6 TIPS TO HELP YOU TAKE BETTER PHOTOS

March 30, 2017  •  Leave a Comment

Hi, guys. In life, there is always room to improve and photography is no different. Whether you are just starting or you are an expert. So, here are 5 tips that will help you become a better photographer if you are just using your phone or you are somebody who has been shooting for years. 

 

1.    Don’t Rely On Editing And Cropping

While editing software’s like photoshop and websites like Instagram exist and can be very useful, it is important to keep your use of these limited. This is because if you are fixing every mistake and blemish after the photo is taken your photography skills are not improving. Photoshop can only do so much. It is vital to do your best to get your photo correct from the camera itself. First of all, it is less work for you in post production. Secondly, it will force you to look at the different indicators on your camera and you will soon develop a better understanding of lighting, exposure, how to fill the frame and so on. Cropping can also have an extra danger as any crop will reduce the quality of a photo which may cause it to become pixelated and unattractive. 

 

2.    Look At Other People’s Work/ Join The Local Camera Club 

While often photography can be enjoyed best, alone, you can’t do everything on your own. Whether, you are looking for new ideas or hoping to learn something new, the work of others can inspire you and push you to push your limits. For example, create a new Instagram account and simply follow photographers that post work better than your own. You will first of all quickly see what works and what doesn’t work. Next, the photos will inspire you to go out and take more and more photos. Secondly, join the photography club in your local city or school. There is bound to be plenty of people you can learn from and even if you feel you are one of the stronger members of the group, giving other people advice will make you think about your own work and help you understand what you shoot the way you do. 

 

3.    Think About Photos Even When You Don’t Have Your Camera

It is not always possible to have your camera with you. Saying this you can always look around you and imagine that you do. If you get a free moment, take in your surroundings and ask yourself what would you be doing if you had your camera right now? Where would you stand? Would you use a filter? How would you go about filling the frame and so on. In many ways, you are capturing what could be rather than what it is right now. Exciting right?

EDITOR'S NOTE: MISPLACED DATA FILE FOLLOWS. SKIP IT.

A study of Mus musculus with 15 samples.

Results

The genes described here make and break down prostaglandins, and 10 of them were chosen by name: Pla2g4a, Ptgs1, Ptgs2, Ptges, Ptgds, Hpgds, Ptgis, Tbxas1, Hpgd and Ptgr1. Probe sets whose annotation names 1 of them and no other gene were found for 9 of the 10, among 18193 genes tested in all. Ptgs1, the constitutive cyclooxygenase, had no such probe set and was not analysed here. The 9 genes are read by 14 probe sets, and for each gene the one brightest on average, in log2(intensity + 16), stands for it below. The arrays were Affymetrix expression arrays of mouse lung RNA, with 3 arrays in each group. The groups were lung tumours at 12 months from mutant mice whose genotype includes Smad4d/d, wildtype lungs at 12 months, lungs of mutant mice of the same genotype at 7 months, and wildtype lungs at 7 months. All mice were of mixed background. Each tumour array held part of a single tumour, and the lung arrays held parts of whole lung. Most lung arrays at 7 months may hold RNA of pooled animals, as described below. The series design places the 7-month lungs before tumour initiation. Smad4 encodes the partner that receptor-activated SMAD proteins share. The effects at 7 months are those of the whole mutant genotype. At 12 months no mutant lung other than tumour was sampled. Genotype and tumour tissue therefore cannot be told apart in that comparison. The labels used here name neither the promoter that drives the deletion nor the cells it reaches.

4.    Choose Different Themes 


A great weakness in many photographers, from Snapchat users to professionals is that they become a master of one type of photography but very weak everywhere else. Variety is the spice of life and photography. It is important not to get stuck into one set of thinking. Photography is an art form and therefore all about creativity. If you become too narrow-minded you will either get left behind with the times or your work will eventually become stale to your audience. So every week or month give yourself a different challenge. This week try the colour "red". Next week try the theme of "infrastructure" You get the idea. In a nutshell, simply mix it up. 


5.    Shoot at Golden Hour 


First of all, what is the golden (magic) hour? Simply put the golden hour is the 30-45 minute period before sunrise and after sunset. During this time, the colours in the sky tend to be redder and softer. This is important because it gives your photos a natural reddish effect that is not possible at many other points of the day. Secondly using this time you as the photographer have a lot more flexibility. 

Is it a perfectly fair assumption to assume only landscape photographers need to worry about the sun but this is simply not the case.  For example, if you want to capture a small object, you may place it next to the window. During the golden hour, natural light is far more likely to be passing through your window leading to most more interesting effects and an easier job getting enough light into your photo. 

 

6.    Limit yourself on Purpose 

 

It is unbelievable how often you see somebody who has an iPhone 6 take a better photo of the same scene than somebody with a DLSR camera. No, we are not saying an iPhone is better than your Canon 60D or Nikon 3300. All we are saying is that better equipment does not automatically equal better photos. Sometimes it can do the opposite. Like editing software, a better camera can be a “get out of jail” card so to speak. People are confident that the camera will do all the work, they become lazy when taking photos. So, one way to improve is not to get the credit card out too fast. 

You will learn more from having less because you will learn to get the most out of what you have. A better camera will not give you a better composition unless you stand in the right place. A higher quality of camera will not automatically make everything sharp or keep everything straight. Like we said when it came to editing. Get your photo right from the start. This is a lot easier to do if you understand the equipment you already have.